There is something heartening about someone having it worse than you. As I read through article after article about urban Renaissance from coast to coast, and about developers really understanding the idea of putting people first, and about cities doing away with parking minimums, I realize that here we are still fighting the battles of 1963; there are still people who would contemplate razing a perfectly good historic building at the 100% corner of a major metro center…for a parking lot…albeit as part of a plan to restore a different historic structure.
Some places, thank goodness, are even more backwards than we are. Perhaps.
As a share from Chuck Marohn on Facebook I read this piece about tearing down an amazing structure in Dayton, Ohio. Razing this in Dayton because it’s empty:
is much worse, I must admit, than believing that you must remove this:
to save this:
That said, there is too much parking in downtown Springfield, it is demonstrably true. That parking lots and garages are positively correlated to failure, poverty, and decline is also demonstrably true. But we live in a time when bad ideas trump better ideas because lived reality has not yet caught up to the inevitable, that is also true.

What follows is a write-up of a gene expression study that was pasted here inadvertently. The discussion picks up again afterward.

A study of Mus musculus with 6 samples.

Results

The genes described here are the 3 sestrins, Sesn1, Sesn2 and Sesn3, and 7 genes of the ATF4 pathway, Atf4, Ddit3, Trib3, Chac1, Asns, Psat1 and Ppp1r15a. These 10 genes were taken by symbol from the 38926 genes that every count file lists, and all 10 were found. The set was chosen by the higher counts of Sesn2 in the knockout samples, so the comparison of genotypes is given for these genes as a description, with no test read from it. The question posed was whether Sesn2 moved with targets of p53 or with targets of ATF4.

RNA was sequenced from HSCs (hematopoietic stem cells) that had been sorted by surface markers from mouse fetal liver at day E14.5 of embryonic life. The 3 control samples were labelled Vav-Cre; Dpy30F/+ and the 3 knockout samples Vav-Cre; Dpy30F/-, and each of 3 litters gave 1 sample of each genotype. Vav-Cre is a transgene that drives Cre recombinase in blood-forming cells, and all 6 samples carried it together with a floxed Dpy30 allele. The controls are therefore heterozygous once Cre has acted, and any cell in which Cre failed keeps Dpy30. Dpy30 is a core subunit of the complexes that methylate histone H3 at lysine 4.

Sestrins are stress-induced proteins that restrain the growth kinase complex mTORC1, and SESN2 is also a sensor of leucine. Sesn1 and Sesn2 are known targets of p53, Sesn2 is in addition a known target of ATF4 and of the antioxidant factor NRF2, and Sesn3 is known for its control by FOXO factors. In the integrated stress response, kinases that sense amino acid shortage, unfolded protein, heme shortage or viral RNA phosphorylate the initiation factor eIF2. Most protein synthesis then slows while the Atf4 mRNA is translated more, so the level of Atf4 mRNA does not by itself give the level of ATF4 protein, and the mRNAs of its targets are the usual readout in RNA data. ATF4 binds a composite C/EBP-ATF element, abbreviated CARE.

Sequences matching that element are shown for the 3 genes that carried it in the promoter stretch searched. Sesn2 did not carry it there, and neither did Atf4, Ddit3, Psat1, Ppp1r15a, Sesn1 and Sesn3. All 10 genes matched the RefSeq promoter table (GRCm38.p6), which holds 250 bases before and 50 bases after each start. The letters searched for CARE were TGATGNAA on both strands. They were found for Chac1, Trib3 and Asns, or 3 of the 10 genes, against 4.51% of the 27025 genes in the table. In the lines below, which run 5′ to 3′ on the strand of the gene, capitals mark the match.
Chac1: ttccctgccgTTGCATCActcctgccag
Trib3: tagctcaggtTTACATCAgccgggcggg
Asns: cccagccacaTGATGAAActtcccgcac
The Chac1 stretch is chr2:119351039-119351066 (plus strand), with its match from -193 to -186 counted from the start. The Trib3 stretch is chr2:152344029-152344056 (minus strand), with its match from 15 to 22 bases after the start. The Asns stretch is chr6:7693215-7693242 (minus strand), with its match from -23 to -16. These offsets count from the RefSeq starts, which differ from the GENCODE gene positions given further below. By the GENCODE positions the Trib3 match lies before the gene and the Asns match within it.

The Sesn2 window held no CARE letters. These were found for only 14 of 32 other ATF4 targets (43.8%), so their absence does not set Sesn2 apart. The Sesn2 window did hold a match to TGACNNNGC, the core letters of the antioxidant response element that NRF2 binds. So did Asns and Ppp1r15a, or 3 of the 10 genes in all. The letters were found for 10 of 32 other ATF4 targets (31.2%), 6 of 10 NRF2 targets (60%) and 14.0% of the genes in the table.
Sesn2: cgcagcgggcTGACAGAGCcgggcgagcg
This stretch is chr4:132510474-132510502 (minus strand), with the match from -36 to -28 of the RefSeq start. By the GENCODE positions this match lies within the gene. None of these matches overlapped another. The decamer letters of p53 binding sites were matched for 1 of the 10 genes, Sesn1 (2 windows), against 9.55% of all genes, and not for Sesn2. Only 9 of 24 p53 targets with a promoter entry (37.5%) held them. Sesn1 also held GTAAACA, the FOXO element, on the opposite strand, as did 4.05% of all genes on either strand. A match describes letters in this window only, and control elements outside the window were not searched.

For years I would spend time at the Quadrangle here in the downtown with dozens of Russian speaking immigrants from Armenia, Azerbaijan, and other of the former Soviet Republics. I was talking to a friend this week about those days and he responded that “they all live in Agawam (a suburb) now.”
“Yes”, I said, “but they will have to return some day. We won’t always be able to drive 2 ton vehicles 4 miles just to buy milk!”
He looked at me as though I had just chanted some sort of shamanic incantation. John Michael Greer says it is like telling a medieval peasant that there is no God. Kunstler describes it as touching on the “master wish” which is to “drive to Wal Mart forever”.
Even if you believe that renewable energy and electric cars can and will perpetuate the American Way of Life in some way (I don’t), it must be apparent that it will inevitably make us uncompetitive. A society in which no one can do anything without the use of expensive prosthetic devices requiring huge amounts of energy and tremendous and perpetual expenditures on infrastructure will eventually lose out to societies which minimize those demands.
Things that can’t go on forever, don’t. Even as that becomes undeniable regarding automotive dependency a great many people will reject the obvious I have no doubt. If you don’t believe me, there’s an Ark Park in Kentucky you can visit; medieval peasants everywhere!